Student Travel Award Recipient – Consumption of Fucosyllactose by Infant Borne Bifidobacteria

Mina Popovic, Department of Life Science, University of Modena and Reggio Emilia, Modena, Italy

Human milk and its assembled glycome is known to enrich specific bifidobacterial populations in the infant gastrointestinal tract. Inactive alleles of the fucosyltransferase 2 gene (FUT2; termed “secretor” due to its role in the expression of ABO blood types in secretions) are common in many populations. Some bifidobacteria (common infant gut commensals) are known to be able to consume 2’ fucosylated glycans, such as the oligosaccharides found in the breast milk of a secretor (FUT2+) mother. This work aimed to test whether there is a difference in the ability of bifidobacterial isolates from both secretor-fed infants and non-secretor-fed infants to grow on 2’-fucosyllactose (2FL) as sole carbon source. We also compared the representation of bifidobacterial species isolated from feces to that of data obtained using a Bifidobacterial-specific terminal restriction fragment length polymorphism (Bif-TRFLP) method to measure the bifidobacterial species content of fecal samples.
We isolated and characterized bifidobacterial species from a cohort of breast-fed infants. 106 infant fecal samples from the UC Davis Lactation study cohort representing four time points after birth (days 7, 21, 71 and 120) were chosen. Diluted feces were plated on bifidobacterial-selective medium and up to 10 colonies from each sample were isolated and passaged twice using streak-plate technique to ensure purity. These isolates were identified by matrix-assisted laser desorption/ionization time-of-flight mass spectrometry, MALDI-TOF MS (Biotyper). Bif-TRFLP was also utilized to identify which species were present in the fecal samples, using DNA extracted from feces by the Zymo Fecal Miniprep kit. Ninety-seven unique isolates were tested for growth on 2’-fucosyllactose, including isolates from both secretor- and non-secretor-fed infants. Isolates were cultured in modified MRS media with 3% 2FL, 3% lactose (positive control), and without carbohydrate (negative control). Their growth was monitored by plate reader in anaerobic chamber by measuring optical density at 600 nm.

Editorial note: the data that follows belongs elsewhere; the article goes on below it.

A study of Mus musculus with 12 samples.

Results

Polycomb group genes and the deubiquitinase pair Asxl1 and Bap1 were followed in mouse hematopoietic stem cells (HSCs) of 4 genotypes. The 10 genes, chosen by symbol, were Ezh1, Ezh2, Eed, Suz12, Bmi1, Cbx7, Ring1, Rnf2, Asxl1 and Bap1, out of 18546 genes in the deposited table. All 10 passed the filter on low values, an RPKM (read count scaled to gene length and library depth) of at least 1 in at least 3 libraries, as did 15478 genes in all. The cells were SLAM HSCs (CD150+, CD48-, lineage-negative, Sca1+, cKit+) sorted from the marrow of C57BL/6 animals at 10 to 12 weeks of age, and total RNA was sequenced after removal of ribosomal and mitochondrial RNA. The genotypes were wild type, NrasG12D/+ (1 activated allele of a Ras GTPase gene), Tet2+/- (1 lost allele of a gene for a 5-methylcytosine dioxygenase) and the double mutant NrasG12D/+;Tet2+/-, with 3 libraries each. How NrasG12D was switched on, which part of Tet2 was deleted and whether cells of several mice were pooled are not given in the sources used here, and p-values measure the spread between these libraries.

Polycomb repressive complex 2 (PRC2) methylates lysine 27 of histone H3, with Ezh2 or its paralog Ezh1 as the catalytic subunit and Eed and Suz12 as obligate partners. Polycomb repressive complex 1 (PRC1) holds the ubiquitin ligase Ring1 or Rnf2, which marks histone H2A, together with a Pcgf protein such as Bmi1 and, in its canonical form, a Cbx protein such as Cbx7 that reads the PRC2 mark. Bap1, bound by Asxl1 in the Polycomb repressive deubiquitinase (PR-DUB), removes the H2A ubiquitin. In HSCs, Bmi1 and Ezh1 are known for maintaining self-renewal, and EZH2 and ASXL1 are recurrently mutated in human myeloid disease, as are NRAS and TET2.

382 bifidobacterial isolates were obtained from the feces of 38 brest-fed infants, across 78 samples. Isolates were identified by the MALDI Biotyper as B. longum, B. breve, B. pseudocatenulatum, B. catenulatum, B. gallinarium, B. bifidum, B. dentium, and B. angulatum. B. breve isolate relative abundance increased over time in non-secretor-fed infants while B. longum group increased in secretor-fed infants. It was discovered that approximately 25% of secretor fed infant isolates and 7% of non-secretor fed infant isolates were able to consume 2FL as sole carbon source. The species of the fecal isolates were overall representative of the Bif-TRFLP data, with B. breve proportionally overrepresented and B. pseudocatenulatum proportionally underrepresented.
Differences in bifidobacterial population were observed in the feces of secretor-fed and non-secretor-fed infants, in particular in the abundance of B. breve and B. longum. More isolates from secretor-fed infants were able to consume 2’fucosyllactose than isolates from non-secretor-fed infants, reflecting the enrichment of species that can consume the oligosaccharides found in the mother’s milk. There were differences in the relative species abundance identified by the Bif-TRFLP and isolation methods, although isolates were not obtained from all samples.